Teacher collaboration helping improve PSSA scores
Southmoreland Curriculum Coordinator Timothy Scott said over the past several years, the district has become a model in raising PSSA scores dramatically through the incorporation of team collaboration between teachers.
"Southmoreland Middle School has made tremendous strides in narrowing the achievement gap as measured by the PSSA," Scott said. "In the years 2002 to 2009, the eighth-grade math scores (percent proficient and advanced) have increased from 39 percent to 86 percent and in reading from 55 to 88 percent."
Middle school seventh graders, at 92 percent proficient, scored the highest in Westmoreland County and 16th in the state.
In 2008 the Southmoreland Elementary School was under a warning but after implementing the team collaboration between teachers in each grade, the scores increased dramatically.
"In math from 2008 to 2009, the PSSA scores for grade three improved from 87 to 94 percent, for grade four from 80 to 92 percent and for grade five from 57 to 81 percent," Scott said.
The same improvement was seen on reading scores where third grade improved from 77 to 86 percent, 57 to 76 percent and 50 to 66 percent.
The three big ideas from the DuFour Community Model are focusing on learning, creating a collaborative culture and focusing on results.
"Teachers across the district work systematically and collaboratively to identify essential learnings, develop and administer common assessments, analyze results, establish specific targets and identify and implement improvement strategies," Scott said.
In order to make the program work, the district needed to create a common time for teachers within each grade to come together during the school day to meet and discuss how and what they are teaching and what things their students might be doing well in or having trouble with.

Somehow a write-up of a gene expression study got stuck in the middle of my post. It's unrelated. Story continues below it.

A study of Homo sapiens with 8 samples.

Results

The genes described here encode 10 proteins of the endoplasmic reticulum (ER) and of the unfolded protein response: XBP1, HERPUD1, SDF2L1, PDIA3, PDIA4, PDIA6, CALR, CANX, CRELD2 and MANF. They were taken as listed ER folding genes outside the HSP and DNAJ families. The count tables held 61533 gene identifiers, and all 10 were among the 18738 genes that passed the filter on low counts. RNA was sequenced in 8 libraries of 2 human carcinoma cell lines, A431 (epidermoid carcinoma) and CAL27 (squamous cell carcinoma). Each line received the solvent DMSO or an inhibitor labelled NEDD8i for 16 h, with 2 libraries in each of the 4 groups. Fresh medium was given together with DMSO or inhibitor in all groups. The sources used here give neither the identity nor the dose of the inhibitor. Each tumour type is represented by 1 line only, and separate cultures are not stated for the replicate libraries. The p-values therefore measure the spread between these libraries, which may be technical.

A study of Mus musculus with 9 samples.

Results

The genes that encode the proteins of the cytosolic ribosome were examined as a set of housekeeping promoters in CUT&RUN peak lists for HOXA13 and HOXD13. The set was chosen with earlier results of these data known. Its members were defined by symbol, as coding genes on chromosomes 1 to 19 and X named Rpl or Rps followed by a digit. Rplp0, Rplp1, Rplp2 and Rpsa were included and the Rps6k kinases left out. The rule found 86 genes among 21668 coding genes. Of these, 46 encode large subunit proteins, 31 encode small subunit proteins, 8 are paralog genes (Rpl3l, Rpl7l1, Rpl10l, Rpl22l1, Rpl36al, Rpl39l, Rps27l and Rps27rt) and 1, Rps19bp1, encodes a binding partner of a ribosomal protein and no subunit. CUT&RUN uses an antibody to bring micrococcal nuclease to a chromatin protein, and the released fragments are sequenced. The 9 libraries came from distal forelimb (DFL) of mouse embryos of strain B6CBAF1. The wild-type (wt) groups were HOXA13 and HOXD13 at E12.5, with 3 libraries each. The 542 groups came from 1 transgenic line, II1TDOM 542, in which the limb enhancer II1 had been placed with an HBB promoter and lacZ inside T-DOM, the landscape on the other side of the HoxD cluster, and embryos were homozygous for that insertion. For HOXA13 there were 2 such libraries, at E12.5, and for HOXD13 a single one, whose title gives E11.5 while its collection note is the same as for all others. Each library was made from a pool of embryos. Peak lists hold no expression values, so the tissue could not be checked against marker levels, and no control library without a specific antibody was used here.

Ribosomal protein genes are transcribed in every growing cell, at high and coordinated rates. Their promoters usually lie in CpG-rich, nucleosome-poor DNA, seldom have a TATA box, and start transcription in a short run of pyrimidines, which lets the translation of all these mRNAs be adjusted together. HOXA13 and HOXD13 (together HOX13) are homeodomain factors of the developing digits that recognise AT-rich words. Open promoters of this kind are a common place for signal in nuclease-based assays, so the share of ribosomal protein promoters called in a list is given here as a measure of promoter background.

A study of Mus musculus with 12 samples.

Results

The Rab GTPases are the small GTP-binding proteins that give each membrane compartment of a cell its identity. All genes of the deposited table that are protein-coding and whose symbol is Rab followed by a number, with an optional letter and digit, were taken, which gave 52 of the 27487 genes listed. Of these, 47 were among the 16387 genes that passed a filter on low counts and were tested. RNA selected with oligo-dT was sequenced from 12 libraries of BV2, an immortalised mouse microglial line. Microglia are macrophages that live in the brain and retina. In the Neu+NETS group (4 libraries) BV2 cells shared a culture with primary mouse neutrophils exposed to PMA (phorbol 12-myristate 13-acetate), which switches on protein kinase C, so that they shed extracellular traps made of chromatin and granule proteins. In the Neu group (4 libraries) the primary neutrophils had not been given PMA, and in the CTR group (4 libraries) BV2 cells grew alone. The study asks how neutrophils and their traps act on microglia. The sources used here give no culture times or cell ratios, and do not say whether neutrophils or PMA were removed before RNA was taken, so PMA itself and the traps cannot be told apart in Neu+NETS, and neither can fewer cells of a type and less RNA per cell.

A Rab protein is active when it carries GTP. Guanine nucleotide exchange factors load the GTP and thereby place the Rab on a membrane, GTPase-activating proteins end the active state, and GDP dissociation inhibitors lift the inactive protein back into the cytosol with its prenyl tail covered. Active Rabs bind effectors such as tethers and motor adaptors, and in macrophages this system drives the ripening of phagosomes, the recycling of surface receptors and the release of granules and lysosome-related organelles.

High School Principal Wes Nicholson said that for the first time this year the high school is working toward implementing the professional learning community model.
The school is already offering tutoring during school hours. Team meetings and collaborations between teachers have begun.
One of the challenges with this model is scheduling time for all of the teachers in the same grade to meet without interrupting student schedules.
Another challenge is getting all of the teachers to be on board with the idea — especially those teachers who like to teach their own thing at their own pace.
Show commenting policy
TribLive commenting policy
You are solely responsible for your comments and by using TribLive.com you agree to our Terms of Service.
We moderate comments. Our goal is to provide substantive commentary for a general readership. By screening submissions, we provide a space where readers can share intelligent and informed commentary that enhances the quality of our news and information.
While most comments will be posted if they are on-topic and not abusive, moderating decisions are subjective. We will make them as carefully and consistently as we can. Because of the volume of reader comments, we cannot review individual moderation decisions with readers.
We value thoughtful comments representing a range of views that make their point quickly and politely. We make an effort to protect discussions from repeated comments either by the same reader or different readers.
We follow the same standards for taste as the daily newspaper. A few things we won't tolerate: personal attacks, obscenity, vulgarity, profanity (including expletives and letters followed by dashes), commercial promotion, impersonations, incoherence, proselytizing and SHOUTING. Don't include URLs to Web sites.
We do not edit comments. They are either approved or deleted. We reserve the right to edit a comment that is quoted or excerpted in an article. In this case, we may fix spelling and punctuation.
We welcome strong opinions and criticism of our work, but we don't want comments to become bogged down with discussions of our policies and we will moderate accordingly.
We appreciate it when readers and people quoted in articles or blog posts point out errors of fact or emphasis and will investigate all assertions. But these suggestions should be sent via e-mail. To avoid distracting other readers, we won't publish comments that suggest a correction. Instead, corrections will be made in a blog post or in an article.